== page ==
Pianist Nobuyuki Tsujii bursts into tears when he plays at Carnegie Hall his own composition “Elegy for the Victims of the Tsunami of March 11, 2011 in Japan”.
Nobuyuki Tsujii was born blind but with a talent for music. At the age of two, he began to play “Do Re Mi” on a toy piano after his mother had been humming the tune. He began his formal study of piano at the age of four. In 1995, at the age of seven, Tsujii won the first prize at the All Japan Music of Blind Students by the Tokyo Helen Keller Association. In 1998, at age ten, he debuted with the Century Orchestra, Osaka. He gave his first piano recital in the small hall of Tokyo’s Suntory Hall at age 12. Subsequently, he made his overseas debut with performances in the United States, France, and Russia. In October 2005, he reached the semifinal and received the Critics’ Award at the 15th International Frédéric Chopin Piano Competition held in Warsaw, Poland.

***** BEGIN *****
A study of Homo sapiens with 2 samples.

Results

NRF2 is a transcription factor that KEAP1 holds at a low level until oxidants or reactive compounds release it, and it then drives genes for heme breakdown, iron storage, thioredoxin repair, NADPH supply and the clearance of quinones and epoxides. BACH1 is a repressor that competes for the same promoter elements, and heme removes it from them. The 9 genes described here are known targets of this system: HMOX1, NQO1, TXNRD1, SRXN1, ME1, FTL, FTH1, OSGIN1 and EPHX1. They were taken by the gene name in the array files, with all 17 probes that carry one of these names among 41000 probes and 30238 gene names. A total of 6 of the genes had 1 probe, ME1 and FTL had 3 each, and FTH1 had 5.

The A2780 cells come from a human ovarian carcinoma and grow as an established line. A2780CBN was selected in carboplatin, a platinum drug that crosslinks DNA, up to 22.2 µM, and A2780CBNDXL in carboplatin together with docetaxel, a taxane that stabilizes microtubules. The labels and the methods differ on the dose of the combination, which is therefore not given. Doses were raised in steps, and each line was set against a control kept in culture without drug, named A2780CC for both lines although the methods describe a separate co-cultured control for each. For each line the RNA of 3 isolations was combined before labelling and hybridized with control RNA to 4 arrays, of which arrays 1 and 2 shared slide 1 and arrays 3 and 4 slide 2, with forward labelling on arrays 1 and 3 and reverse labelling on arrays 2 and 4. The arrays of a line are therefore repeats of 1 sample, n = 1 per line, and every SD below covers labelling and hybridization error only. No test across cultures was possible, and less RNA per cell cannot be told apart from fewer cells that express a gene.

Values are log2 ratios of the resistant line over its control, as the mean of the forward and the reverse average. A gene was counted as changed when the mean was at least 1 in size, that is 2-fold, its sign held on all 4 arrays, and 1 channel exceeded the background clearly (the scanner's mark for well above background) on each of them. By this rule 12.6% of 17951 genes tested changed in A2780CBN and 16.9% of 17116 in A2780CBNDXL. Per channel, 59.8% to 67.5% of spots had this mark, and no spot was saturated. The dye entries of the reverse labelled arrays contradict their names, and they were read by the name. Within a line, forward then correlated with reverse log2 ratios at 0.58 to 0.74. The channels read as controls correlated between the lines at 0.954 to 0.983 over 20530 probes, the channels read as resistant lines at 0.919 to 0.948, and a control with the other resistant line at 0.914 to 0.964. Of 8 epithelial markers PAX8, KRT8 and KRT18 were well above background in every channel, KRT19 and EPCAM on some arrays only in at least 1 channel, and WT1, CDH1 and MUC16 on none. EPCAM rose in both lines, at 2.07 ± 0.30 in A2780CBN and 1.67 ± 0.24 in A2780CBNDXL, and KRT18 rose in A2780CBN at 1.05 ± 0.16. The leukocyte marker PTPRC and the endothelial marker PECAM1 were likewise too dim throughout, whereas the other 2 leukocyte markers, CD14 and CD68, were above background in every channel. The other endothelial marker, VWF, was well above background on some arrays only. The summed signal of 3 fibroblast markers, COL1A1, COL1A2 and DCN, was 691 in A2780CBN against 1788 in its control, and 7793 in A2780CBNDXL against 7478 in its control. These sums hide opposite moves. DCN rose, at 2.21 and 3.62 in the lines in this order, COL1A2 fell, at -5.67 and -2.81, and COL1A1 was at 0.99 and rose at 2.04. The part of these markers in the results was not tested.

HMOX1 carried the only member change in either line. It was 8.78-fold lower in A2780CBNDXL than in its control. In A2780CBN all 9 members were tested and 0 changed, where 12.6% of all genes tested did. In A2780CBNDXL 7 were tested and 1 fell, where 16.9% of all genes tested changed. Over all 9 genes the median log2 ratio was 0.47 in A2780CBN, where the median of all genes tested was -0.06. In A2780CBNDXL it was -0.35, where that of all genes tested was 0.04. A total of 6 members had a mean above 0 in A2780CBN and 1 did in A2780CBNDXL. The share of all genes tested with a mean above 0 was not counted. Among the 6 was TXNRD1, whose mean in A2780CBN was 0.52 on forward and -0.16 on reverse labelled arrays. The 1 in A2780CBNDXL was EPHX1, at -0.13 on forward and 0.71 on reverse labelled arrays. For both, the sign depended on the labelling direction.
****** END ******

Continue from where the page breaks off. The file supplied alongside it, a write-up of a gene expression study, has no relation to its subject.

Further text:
In April 2007, Tsujii entered Ueno Gakuen University, graduating in March 2011.
Tsujii competed in the 2009 Van Cliburn International Piano Competition and tied for the gold medal with Haochen Zhang. He was also awarded the Beverley Taylor Smith Award for the best performance of a new work. He played all twelve of Frédéric Chopin’s Op. 10 Études as part of his performance in the preliminaries.
He was one of the competitors prominently featured in the Peter Rosen documentary film about the 2009 Van Cliburn competition, “A Surprise in Texas”, which was first broadcast on PBS TV in 2010.
In addition to being a pianist, Nobuyuki Tsujii is a composer. At age 12, he performed his own composition “Street Corner of Vienna.” He has since released numerous albums of his own compositions. He is a film music composer, and the 2011 recipient of the Japan Film Critics Award for Film Music Artist.
On November 10, 2011, Nobuyuki Tsujii made a debut recital in the main hall (Isaac Stern Auditorium) at Carnegie Hall in New York, as part of the Keyboard Virtuosos II series. Tsujii debuted at the BBC Proms on July 16, 2013 with a performance with the BBC Philharmonic and conductor Juanjo Mena.
Nobuyuki Tsujii is featured in a 2013 English textbook for high schools in Japan.
A 2014 film Touching the Sound, also by Peter Rosen, documents Nobu’s life from birth to Carnegie Hall, including footage of his visit to the region in Japan that suffered the devastating aftermath of the 2011 Tōhoku earthquake and tsunami.